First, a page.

16/07/2018 9:50 AM IST | Updated 16/07/2018 9:50 AM IST

Apple Is Struggling In India As Key Executives Leave, Sales Drop

It's also cutting back on discounts.


Apple is the richest phone brand in the world, but the same can not be said for its performance in India. While Apple CEO Tim Cook has repeatedly said that Apple is very "bullish" about India, it has remained a niche brand as its pricing keeps it out of the hands of most Indians.

A recent report cast further doubts about the future, as three key executives have now left the company. This includes the national sales and distribution chief, the head of commercial channels and mid-market business, and the head of telecom carrier sales, Bloomberg wrote.

In India, where it has a market share of about 2 percent, Apple sold just 3.2 million iPhones in 2017, according to Counterpoint Research, In the first half of 2018, fewer than a million devices moved, it estimated.

According to BGR, the new India head, Michel Coulomb has also been reported to be struggling with his new job in making business relationships in the market ever since he joined in December 2017. This follows Apple's continuous struggle to understand the Indian market.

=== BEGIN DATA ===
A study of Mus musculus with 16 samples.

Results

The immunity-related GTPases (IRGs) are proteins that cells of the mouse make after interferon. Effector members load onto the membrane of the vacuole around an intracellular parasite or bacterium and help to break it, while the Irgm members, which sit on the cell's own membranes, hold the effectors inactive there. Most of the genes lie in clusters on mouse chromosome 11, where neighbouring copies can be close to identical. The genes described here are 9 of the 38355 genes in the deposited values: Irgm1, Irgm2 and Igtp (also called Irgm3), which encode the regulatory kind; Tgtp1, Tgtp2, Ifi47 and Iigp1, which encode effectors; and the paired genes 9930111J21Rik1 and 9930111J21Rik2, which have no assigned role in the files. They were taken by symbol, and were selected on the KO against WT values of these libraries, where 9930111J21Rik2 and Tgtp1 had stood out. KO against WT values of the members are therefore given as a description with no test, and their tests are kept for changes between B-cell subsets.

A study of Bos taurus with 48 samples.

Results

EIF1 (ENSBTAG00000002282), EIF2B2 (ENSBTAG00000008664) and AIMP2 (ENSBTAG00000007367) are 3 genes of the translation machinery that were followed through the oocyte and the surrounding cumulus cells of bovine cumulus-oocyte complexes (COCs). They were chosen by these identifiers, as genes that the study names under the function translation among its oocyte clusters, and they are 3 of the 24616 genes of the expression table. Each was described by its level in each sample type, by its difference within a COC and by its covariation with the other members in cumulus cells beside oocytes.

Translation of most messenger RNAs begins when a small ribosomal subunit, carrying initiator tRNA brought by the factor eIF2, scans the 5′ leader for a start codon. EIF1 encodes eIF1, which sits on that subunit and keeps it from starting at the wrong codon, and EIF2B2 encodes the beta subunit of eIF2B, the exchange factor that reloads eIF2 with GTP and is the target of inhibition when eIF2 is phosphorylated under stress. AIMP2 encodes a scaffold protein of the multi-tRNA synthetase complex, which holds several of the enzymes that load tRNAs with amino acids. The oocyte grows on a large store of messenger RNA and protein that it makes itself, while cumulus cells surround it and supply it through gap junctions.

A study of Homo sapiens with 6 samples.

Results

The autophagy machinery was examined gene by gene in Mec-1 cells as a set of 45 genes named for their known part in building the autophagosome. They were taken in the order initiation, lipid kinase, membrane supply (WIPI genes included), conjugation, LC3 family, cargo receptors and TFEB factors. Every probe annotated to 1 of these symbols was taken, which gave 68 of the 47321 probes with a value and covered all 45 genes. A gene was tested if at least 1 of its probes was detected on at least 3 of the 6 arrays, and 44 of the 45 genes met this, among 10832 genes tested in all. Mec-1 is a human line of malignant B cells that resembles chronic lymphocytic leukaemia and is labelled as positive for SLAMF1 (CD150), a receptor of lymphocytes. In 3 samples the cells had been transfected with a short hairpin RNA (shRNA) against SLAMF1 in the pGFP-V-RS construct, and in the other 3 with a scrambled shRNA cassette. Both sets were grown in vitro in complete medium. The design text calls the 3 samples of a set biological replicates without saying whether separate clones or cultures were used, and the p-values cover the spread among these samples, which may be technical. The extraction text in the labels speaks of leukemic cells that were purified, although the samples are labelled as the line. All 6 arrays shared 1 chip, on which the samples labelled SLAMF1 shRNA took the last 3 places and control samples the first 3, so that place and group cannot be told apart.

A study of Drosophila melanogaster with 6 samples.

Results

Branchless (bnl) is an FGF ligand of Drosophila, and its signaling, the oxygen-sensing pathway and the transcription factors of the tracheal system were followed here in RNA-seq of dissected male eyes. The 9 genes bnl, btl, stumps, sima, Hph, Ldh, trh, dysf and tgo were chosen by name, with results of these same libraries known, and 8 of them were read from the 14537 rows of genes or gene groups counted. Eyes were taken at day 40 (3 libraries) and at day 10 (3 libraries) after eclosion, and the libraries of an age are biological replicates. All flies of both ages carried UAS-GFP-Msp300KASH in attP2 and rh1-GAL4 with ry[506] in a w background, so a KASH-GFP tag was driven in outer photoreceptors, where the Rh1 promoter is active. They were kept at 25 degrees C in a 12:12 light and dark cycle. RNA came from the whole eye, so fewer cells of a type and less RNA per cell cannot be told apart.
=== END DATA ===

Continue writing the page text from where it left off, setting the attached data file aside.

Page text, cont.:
At the same time, a report in the Economic Times added that Apple is now blacklisting retailers offering big discounts, and is ensuring sales at the maximum retail price, according to senior executives. Apple used to follow a similar policy earlier, but had ceded price control to retailers as heavy discounting online helped the brand reach more people for some time.

However, the impact of discounting on sales was limited as the phones remained out of reach for most. Although the total number of smartphones in India is enormous, the vast majority of these are in fact priced at under Rs. 10,000, while an entry level iPhone 8 has an MRP of Rs. 75,000 (although you can get one for around Rs. 60,000 now).

As ET noted, Apple could increase sales by lowering prices, but this would lower its value as an aspirational brand.